PHYTOCHEMISTRY

4 PHYTOCHEMISTRY
Phytochemistry’ or the ‘Chemistry of Natural Products’ may be strategically placed somewhere in between natural product organic chemistry and plant biochemistry. In fact, it is intimately related to the above two disciplines. However, in a broader sense phytochemistry essentially deals with the enormous different types of organic substances that are not only elaborated but also accumulated by plants. It is solely concerned with the following various aspects namely:
* Natural distribution.
* Chemical structure,
* Biosynthesis structure,
* Biosyntheses (or biogenesis),
* Metabolism, and
* Biochemical function.
Importantly, with the advent of most up-to-date analytical procedures the detailed phytochemical
study of an unknown plant may be accomplished right from elucidation of chemical structure of pure constituents to the elaborated study of their biological characteristics.
Figure 1.5, illustrates the schematic development of a ‘drug’ from a ‘medicinal plant’ that may serve as a fruitful guide for various phytochemistry studies:
  
It is, however, important to mention here that the ‘living organism’ of the universe (i.e.; plants, microbes and animals) may be regarded as mother nature‘s splendid and huge BIOSYNTHETIC LABORATORY. It not only caters for the survival of the so called ‘living creatures’ of the earth in terms of providing a broad spectrum of essential chemical constituents, for instance: proteins, fats, carbohydrates and vitamins but also meticulously bring forth an enormous quantum of physiologically active chemical entities, such as: alkaloids, glycosides, volatile oil (terpenoids), steroids, antibiotics, bitter principles, tannins and the like. The ‘living organisms’ give rise to a number of interesting phytochemical aspects over the years that may be viewed closely under the following three heads, namely:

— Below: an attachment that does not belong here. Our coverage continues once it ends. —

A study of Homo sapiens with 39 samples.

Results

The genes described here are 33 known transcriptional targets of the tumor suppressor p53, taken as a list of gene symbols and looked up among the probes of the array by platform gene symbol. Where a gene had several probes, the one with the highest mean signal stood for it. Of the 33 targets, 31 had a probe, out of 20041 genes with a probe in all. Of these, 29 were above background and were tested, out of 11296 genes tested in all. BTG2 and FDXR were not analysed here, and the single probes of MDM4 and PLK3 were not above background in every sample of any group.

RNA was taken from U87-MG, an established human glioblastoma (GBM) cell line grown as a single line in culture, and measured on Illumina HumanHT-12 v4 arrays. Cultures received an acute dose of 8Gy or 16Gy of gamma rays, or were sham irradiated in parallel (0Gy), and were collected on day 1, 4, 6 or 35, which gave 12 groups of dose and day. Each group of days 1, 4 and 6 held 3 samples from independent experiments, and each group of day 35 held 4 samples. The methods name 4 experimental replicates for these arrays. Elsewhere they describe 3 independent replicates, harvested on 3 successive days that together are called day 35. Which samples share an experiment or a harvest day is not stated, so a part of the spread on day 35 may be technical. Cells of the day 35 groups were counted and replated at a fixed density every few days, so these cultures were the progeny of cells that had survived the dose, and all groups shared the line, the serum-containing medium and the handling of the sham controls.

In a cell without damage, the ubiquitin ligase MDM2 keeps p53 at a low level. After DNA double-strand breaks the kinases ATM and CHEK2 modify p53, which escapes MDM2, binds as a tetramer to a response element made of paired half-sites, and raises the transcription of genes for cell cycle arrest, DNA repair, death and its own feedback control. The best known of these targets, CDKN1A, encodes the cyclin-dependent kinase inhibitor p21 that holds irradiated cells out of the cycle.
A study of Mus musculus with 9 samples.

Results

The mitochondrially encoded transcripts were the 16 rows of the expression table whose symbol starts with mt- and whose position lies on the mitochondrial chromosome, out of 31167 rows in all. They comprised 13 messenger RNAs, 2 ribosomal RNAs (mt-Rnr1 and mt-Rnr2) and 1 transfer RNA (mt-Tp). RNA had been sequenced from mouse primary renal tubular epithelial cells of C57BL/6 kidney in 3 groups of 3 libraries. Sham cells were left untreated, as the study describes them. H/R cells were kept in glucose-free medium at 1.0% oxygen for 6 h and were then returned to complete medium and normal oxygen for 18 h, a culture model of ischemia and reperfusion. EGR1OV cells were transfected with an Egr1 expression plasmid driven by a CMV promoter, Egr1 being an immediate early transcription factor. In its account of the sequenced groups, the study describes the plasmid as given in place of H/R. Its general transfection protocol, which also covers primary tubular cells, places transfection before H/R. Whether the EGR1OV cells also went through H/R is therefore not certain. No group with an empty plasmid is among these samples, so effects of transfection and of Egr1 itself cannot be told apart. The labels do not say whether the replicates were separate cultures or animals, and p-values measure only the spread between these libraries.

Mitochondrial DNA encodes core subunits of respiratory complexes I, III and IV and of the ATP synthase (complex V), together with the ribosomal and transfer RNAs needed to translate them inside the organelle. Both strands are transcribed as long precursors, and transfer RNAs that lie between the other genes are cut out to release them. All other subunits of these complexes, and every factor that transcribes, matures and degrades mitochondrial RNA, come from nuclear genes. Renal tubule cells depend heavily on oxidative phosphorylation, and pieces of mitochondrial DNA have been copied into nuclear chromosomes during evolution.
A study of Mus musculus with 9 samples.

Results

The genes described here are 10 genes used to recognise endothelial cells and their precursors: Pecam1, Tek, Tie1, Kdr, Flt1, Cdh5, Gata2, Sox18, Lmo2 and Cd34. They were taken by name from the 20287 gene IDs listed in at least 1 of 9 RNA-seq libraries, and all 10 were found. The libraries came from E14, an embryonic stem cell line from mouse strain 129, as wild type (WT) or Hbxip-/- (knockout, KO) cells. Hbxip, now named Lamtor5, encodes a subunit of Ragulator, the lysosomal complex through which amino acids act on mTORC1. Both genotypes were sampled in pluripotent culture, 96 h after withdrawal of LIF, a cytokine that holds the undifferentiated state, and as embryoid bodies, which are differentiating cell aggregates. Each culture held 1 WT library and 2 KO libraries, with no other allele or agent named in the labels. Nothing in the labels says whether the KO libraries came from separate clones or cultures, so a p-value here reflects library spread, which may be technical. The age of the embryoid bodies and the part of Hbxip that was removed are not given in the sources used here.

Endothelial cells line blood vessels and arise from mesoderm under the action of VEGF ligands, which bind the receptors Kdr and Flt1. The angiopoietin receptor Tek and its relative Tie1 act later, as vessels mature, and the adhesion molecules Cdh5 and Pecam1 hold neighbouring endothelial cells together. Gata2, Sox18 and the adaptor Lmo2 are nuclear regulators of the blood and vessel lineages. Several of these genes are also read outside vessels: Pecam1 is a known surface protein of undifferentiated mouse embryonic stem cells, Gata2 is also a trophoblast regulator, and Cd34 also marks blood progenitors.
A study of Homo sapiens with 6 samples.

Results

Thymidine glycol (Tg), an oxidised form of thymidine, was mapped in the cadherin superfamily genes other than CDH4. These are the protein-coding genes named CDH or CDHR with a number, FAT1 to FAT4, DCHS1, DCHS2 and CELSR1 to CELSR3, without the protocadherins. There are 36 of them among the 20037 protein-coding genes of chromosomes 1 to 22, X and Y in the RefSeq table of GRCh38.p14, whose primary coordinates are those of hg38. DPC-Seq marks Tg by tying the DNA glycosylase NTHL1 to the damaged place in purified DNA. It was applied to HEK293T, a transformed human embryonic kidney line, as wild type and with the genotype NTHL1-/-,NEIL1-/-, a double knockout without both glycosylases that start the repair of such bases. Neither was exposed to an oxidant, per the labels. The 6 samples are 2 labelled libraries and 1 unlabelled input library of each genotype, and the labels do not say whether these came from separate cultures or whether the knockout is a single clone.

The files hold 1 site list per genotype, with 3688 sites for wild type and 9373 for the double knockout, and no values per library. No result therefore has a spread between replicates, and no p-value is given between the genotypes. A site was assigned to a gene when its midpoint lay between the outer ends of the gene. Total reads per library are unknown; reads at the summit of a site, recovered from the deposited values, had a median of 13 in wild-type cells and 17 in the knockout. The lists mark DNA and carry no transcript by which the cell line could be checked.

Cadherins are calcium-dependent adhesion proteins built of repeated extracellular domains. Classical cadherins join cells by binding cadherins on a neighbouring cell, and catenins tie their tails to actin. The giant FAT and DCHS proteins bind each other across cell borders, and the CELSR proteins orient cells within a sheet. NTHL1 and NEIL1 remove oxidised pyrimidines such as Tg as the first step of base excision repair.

(i) Constituents,
(ii) Drug Biosynthesis (or Biogenesis) and
(iii) Classification
REFERENCES
Ashutosh Kar (2003), Pharmacognosy and Pharmaco biotechnology, 2nd Edition
‘Handbook of Medicinal Herbs’ (2001), J.A. Duke, CRC-Press, London, 1st Edn.
William Charles Evans (2002), Trease and Evans Pharmacognosy 15th Edition by: Trease, Bailliere Tindall; Evans.
Ramstad (1956), E., ‘Modern Pharmacognosy’, McGraw Hill, London.